Wicking fabric and keeping cool

Fall has arrived, so this topic is not very timely

Fall has arrived, so this topic is not very timely

Everybody agrees on how to dress to keep warm and most people who participate in outdoor sports understand the importance of preventing hypothermia.  A layer of wicking fabric (wool or synthetic) tight against the skin pulls sweat away from your body; this prevents cooling of the body by evaporation of sweat from the skin surface.  The wicking fabric insulates when wet, so evaporation of the sweat from the surface of the fabric does not cool your body.  Add further insulation layers (made up of wicking fabrics) on top of this base layer and a surface wind-blocking layer on top as appropriate.

The requirements of staying cool are, obviously, exactly the opposite of the requirements for staying warm.  As ambient temperatures approach body temperature, about the only way you can get rid of heat is through evaporation of sweat.  You want sweat to evaporate from the surface of your skin, because this is the most effective way to dissipate heat.  Garments should be loose to allow air flow against your skin.  Sweat that evaporates from the surface of fabrics that do not insulate when wet (cotton, silk, linen) provide almost as much cooling as sweat evaporating from the surface of your skin.

The requirements of staying cool are exactly the opposite of those for staying warm, yet most “serious” cyclists have been convinced that a tight jersey made of wicking fabric is required for all conditions.  Both synthetics and wool have been sold as “warm in winter, cool in summer”, and “cool and dry” in hot conditions.  Wicking fabrics clearly can save you from hypothermia in the cold and wet, but cotton protects better from hyperthermia.    Tight garments are better for aerodynamics when you are seeking top performance, but in hot conditions your performance can be limited more by overheating than by the aerodynamics of your jersey.   The only modification you can make to a wicking garment to make it cool is to make it lighter or more open so that more air passes through it and there is more evaporation from your skin, but it still wicks.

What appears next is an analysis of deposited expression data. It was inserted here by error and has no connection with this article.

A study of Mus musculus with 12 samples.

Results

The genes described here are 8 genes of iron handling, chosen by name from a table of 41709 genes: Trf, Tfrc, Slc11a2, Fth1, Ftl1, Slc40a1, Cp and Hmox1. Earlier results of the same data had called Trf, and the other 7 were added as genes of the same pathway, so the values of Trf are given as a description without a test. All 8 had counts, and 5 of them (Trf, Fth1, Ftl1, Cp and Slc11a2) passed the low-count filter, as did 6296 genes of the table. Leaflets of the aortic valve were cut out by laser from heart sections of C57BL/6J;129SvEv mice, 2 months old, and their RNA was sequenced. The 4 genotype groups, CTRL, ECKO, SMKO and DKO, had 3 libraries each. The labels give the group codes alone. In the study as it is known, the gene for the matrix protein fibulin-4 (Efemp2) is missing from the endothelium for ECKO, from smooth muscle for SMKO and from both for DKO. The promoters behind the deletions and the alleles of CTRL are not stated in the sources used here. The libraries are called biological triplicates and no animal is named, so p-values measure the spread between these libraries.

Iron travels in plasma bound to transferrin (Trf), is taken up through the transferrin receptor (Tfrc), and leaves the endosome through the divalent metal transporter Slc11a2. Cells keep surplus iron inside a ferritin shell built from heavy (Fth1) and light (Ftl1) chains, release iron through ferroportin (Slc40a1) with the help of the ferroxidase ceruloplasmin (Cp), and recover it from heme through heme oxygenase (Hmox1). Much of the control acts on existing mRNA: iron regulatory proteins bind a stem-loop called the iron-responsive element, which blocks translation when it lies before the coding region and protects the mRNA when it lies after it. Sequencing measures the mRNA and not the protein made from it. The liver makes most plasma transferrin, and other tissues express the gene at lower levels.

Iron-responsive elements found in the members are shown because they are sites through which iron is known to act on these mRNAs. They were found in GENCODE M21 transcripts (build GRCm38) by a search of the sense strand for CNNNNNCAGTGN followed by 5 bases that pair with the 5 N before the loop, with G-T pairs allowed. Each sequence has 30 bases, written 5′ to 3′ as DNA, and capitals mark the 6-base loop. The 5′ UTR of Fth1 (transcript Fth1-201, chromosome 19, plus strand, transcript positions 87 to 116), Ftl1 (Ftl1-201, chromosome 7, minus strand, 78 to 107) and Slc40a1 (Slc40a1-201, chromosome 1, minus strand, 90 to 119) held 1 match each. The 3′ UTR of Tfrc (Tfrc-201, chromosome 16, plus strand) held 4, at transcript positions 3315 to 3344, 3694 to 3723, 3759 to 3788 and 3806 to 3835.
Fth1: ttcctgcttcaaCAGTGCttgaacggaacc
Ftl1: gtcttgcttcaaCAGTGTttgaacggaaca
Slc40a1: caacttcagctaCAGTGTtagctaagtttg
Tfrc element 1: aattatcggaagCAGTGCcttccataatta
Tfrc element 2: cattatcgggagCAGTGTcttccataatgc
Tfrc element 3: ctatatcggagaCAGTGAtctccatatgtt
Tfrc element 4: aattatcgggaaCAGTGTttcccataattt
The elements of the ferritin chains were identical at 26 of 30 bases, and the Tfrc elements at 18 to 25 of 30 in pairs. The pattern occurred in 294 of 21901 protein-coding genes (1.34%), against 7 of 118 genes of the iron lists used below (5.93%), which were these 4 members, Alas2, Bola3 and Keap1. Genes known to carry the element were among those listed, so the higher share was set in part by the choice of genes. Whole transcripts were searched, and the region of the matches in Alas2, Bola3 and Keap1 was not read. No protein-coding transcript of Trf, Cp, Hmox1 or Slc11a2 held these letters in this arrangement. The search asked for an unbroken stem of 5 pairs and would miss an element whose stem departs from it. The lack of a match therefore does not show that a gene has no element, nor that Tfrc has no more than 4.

Summers are pretty hot and humid here.  My approach is to wear wool up to about 75 or 80F, depending on the humidity, the amount of sun, and the temperature range I will be riding in.  I wear cotton at higher temperatures with a wool jersey in the handlebar bag when there is a significant chance of rain.  Of course this style choice makes me look a little unconventional on summer rides, and people occasionally try tell me that what I am doing is just wrong.  But no one has provided a convincing argument based on physics, either in person or in web discussions. 

I don’t know of any formal studies on this subject, so I can support this logic with experience.  I know I am more comfortable in cotton under hot conditions.  And I also know that I passed a lot of people who were fitter, faster, and riding much lighter equipment last summer on the Cherohala Challenge century, when the temperature was in the 90’s and the dew point was in the 70’s.  I rode in a Hawaiian shirt and stayed relatively comfortable.

Am I really missing something, or is this a victory of marketing over sense?